Halloween is anything but a celebration of evil, though the Jack-o’-Lanterns which are so familiar and traditional have represented the celebration for centuries, these venerable lighted vegetables first surfacing the place the festival originated, Ireland.
A traditional Irish myth tells of the man dubbed Stingy Jack – pronounced stingee, as in mean – who invited the Devil to drink with him, and not wanting to pay, persuaded the Devil to turn himself into a coin, which Jack would supposedly use to pay. Once the transformation was complete, however, Jack put the coin in his pocket beside a cross, so that Satan could not change back.
He did in time let the devil go, on condition that Jack be left alone for a year, should he die his soul would not be claimed by hell. When the year was up, Jack conned the hapless devil again, getting him to climb a fruit tree before carving a sign of the cross into the bark below the cursing Satan, who had to guarantee Jack ten more years of freedom before being allowed back down to the ground.
As fortune would have it, Jack died only a short time later, an unseemly figure who was by all accounts not at all welcome in heaven. In the most bizarre twist of fate, the gates of hell were barred to him also, because the devil was so incensed at having been tricked so often.
Keeping his word not to claim Jack’s soul, he banished him instead to an eternity in the darkness, using a burning coal for light which Jack placed into his favourite vegetable, a hollowed-out turnip, before setting off on his never ending journey.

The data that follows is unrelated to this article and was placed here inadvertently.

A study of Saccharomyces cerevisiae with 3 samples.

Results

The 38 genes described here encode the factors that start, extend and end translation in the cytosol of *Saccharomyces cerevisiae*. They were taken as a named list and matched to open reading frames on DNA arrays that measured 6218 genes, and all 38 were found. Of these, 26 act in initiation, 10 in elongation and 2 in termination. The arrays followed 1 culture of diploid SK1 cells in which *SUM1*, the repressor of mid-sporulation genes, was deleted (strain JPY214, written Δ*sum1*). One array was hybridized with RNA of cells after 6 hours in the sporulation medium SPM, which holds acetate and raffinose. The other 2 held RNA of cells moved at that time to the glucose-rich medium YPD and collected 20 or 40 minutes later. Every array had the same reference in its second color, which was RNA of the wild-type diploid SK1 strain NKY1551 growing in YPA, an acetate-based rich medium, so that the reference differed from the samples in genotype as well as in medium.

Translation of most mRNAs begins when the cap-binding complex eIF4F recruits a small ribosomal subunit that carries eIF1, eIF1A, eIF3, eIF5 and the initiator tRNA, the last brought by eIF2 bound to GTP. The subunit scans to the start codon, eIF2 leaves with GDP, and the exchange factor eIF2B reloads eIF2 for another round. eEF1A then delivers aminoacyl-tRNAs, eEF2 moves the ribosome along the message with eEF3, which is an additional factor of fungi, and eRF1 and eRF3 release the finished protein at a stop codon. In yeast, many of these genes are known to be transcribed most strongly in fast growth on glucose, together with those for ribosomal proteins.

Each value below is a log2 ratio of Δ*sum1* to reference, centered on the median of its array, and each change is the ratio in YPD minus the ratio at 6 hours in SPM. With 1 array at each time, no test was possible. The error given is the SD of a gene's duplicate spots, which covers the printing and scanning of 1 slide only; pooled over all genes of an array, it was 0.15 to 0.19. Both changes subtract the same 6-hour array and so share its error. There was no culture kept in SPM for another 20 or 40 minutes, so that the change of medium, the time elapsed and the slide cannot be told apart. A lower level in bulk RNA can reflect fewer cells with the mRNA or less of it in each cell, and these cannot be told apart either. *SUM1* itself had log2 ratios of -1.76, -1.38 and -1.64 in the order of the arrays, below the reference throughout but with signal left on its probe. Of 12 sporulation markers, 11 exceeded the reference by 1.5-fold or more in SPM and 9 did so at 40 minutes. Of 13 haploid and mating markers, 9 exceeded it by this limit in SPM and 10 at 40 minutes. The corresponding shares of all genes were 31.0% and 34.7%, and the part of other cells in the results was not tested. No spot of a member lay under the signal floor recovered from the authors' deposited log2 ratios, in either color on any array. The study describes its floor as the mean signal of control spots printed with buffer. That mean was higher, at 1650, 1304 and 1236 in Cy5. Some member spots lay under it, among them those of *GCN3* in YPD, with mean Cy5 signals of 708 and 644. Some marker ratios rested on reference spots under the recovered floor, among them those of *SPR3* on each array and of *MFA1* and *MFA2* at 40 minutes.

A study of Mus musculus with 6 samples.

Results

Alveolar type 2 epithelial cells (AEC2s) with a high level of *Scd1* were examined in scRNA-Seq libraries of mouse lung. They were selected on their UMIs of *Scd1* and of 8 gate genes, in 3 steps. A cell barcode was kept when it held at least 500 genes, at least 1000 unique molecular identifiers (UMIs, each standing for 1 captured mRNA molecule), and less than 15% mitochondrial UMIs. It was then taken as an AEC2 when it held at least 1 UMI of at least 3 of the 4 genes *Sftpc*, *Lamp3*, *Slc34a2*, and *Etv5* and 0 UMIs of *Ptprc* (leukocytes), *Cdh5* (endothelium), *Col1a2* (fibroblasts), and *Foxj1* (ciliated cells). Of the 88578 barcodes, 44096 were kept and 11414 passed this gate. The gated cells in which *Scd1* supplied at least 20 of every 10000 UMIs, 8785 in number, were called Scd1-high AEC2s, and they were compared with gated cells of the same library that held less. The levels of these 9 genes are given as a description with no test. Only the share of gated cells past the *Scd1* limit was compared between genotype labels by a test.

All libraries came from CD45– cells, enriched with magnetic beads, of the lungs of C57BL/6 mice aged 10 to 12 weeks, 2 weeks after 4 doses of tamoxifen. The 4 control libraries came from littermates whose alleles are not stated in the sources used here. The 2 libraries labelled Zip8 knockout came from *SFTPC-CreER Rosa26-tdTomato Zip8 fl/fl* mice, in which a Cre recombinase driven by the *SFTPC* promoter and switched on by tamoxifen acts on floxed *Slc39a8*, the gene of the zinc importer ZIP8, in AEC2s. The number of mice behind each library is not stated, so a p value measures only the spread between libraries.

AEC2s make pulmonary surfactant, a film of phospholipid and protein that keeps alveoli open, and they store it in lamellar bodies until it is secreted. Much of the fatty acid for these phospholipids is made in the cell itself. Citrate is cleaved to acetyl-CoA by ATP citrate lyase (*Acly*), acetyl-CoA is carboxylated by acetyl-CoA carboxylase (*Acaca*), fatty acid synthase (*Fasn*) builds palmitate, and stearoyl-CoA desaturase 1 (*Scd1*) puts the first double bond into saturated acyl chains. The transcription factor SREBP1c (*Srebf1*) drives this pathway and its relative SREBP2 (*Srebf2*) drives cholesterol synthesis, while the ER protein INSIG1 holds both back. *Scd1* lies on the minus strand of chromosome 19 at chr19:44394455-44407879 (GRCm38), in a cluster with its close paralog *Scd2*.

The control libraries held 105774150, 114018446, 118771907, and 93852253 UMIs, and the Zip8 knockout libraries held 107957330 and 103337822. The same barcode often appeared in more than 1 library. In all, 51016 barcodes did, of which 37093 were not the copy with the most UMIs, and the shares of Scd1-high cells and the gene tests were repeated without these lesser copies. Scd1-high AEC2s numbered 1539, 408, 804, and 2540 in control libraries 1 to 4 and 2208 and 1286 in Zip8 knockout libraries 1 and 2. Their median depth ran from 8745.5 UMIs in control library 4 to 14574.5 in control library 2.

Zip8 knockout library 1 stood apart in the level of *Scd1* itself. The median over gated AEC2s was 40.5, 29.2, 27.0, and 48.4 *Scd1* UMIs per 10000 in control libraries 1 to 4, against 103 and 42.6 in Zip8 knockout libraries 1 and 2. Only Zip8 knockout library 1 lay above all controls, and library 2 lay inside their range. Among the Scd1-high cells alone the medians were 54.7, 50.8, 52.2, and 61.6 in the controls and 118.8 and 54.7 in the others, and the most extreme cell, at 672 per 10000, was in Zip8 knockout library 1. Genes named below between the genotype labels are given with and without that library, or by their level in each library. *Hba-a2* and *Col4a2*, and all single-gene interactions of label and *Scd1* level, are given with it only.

A corruption of the term All Hallows Eve, which actually falls on November 1, and is known as All Hollows or All Saints Day to Catholics, the festival stems from 835 AD for the church, but in reality goes back thousands of years to the Celtic peoples, who worshipped nature and the sun god, one of many deities.
November 1 every year saw a festival marking the end of the sun season and the beginning of the season of cold and dark. Druids, Celtic priests would meet in sacred oak forests to offer sacrifices of crops and animals, dancing around fires to mark the changing of the seasons.
Celtic lore said that space-time rules were suspended on this night, so could intermingle with the living, coming back in search of living bodies to possess, so October 31 nights would see fires put out and people dressing up as ghouls to fool the spirits.
As dawn broke, Druid priests gave glowing embers to each family to start new cooking fires to keep homes warm and free from evil spirits. This was Samhain, a festival lasting three days that was the forerunner to Halloween, still celebrated in Celtic countries today
Halloween reached America in the 1840’s, taken there by Irish immigrants, escaping the potato famine, though Trick-or-treating originated with a 9th century European custom. Christians would, on All souls day, make house calls begging for soul cakes, square bread with currants, in return for which prayers were said on behalf of the dead, who remained in limbo for a time after death, prayer expediting the passage to heaven of their souls.
It was those immigrants to the US, finding pumpkins plentiful, who made them into the traditional American Jack-O-Lantern, and Halloween today is celebrated with tremendous enthusiasm and imagination around the world, though nowhere with quite the zeal that the American public display. In reality a celebration of seasonal change, Halloween really is nothing to do with horror, but everything to do with hope.